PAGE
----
In the short term, clients are assessing their contracts to ensure they are getting the expected benefits, auditing invoices and tracking credits and penalties more closely. Doing so can result in cost reductions of up to 15 percent, says Aird.

 

In the longer term, clients see outsourcing as a more cost-effective way to move toward a centralized shared-services environment, since they can amortize costs across the length of contracts with providers, he says. They also hope to use savings generated by outsourcing to finance more strategic projects.

 

Maybe so, but outsourcing was identified by CIOs surveyed by Citi Investment Research as one of the areas most likely to suffer from budget cuts in 2009, as I wrote earlier this month.

 

An increased focus on saving money is evident from results of a recent survey in which PwC noted shifts in what its clients are seeking from outsourcing initiatives. Seventy-four percent say labor costs are more important now than they were before. Compare that number to those who said enhancing efficiency through business process redesign was now more important (55 percent), global strategy (39 percent) and gaining access to talent (32 percent).

 

Cost-consciousness will likely lead to a reduction in the kinds of sweeping transformation projects in which providers are asked to contribute innovative ideas. An InfoWorld article quotes Stan Lepeak, research director of EquaTerra:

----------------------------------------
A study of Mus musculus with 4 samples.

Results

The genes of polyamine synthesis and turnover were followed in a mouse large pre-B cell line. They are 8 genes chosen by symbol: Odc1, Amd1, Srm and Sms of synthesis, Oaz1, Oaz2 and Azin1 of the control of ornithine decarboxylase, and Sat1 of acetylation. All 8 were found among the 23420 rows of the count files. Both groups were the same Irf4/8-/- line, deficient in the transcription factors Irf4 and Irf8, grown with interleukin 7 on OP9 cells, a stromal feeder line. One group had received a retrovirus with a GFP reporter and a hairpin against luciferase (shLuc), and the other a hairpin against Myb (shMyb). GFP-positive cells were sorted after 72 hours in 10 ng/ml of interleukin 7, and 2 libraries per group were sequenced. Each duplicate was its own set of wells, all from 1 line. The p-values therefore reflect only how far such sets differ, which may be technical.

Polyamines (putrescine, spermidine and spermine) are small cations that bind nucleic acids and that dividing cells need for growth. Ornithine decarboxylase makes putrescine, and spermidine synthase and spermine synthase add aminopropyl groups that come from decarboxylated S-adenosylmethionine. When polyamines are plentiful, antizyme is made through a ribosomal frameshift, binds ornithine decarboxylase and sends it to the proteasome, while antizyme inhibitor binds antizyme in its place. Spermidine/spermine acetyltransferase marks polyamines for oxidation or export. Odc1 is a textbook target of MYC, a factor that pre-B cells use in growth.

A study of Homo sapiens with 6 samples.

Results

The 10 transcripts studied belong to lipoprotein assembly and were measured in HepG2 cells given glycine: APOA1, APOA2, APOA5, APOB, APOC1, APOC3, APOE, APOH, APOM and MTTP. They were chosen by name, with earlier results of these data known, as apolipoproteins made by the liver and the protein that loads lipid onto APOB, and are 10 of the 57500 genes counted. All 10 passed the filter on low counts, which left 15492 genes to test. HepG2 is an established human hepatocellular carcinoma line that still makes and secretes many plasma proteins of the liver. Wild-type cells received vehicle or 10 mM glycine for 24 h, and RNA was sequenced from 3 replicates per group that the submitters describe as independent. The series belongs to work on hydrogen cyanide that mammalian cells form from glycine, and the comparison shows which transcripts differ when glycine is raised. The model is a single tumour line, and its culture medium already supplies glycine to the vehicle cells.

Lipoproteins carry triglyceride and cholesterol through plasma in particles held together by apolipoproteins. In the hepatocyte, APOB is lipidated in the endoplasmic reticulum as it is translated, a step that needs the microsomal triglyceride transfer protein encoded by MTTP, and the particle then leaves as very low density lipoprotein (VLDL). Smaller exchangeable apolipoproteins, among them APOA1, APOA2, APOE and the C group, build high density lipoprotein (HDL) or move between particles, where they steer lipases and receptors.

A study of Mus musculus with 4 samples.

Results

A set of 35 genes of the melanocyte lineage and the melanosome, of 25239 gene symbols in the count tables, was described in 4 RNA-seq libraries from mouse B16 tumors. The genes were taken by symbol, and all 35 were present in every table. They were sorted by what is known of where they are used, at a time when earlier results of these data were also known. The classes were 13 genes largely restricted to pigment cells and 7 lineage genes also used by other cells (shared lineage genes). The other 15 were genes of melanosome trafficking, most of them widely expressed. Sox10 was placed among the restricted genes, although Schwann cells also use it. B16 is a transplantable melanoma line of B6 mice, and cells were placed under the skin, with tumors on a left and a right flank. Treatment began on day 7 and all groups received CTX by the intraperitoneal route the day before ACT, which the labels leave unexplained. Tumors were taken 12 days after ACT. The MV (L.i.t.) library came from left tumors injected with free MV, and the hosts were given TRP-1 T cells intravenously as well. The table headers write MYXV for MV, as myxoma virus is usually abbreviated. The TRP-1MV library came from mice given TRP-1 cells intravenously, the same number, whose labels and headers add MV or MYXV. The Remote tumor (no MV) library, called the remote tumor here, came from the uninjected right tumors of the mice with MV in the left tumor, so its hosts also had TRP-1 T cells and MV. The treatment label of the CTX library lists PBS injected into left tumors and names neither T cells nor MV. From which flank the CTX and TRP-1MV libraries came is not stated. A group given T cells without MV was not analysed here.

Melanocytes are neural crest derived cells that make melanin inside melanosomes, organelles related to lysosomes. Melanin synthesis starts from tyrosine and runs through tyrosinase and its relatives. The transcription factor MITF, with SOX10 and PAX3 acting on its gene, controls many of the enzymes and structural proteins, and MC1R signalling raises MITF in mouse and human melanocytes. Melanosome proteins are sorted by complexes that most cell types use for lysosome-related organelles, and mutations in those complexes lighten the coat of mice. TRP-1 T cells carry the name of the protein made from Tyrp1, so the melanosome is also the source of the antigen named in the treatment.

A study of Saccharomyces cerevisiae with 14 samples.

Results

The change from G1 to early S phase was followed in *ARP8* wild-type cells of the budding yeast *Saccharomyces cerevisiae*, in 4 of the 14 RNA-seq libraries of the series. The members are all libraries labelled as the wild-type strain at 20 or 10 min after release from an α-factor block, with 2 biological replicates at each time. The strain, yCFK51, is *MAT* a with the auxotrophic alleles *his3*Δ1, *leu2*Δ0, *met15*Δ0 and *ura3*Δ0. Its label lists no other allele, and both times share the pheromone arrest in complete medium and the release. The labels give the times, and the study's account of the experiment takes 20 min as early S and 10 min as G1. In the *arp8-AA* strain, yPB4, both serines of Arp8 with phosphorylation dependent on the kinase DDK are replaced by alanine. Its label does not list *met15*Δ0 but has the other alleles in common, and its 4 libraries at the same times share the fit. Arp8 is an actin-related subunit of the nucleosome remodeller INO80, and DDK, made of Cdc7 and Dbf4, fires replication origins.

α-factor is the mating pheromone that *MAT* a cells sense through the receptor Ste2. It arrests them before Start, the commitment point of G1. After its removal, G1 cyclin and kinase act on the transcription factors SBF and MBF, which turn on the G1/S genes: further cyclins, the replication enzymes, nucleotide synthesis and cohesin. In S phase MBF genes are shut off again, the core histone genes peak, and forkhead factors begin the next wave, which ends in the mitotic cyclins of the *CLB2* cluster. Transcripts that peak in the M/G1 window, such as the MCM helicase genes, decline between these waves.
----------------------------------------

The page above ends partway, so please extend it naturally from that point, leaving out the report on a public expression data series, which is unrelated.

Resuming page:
The focus will shift away from open-ended efforts. Buyers will not have much appetite for transformation in 2009.

As with any other business investment, financing projects is becoming a bigger issue, says PwC's Aird. Thirty-one percent of clients told PwC they were delaying projects due to a lack of financing, 25 percent are continuing projects with original financing in place, 23 percent are trying to spread implementations over a longer period of time, 9 percent are asking service providers to finance projects and 14 percent are looking for third-party financing.

 

The need for new finance models could lead to more deals like one mentioned by Aird, in which a private-equity firm is considering taking a financial stake in a PwC client's business-transformation project involving an ERP implementation combined with a shared-services model. If the project is successful, the same model could be tweaked and sold to other companies, says Aird.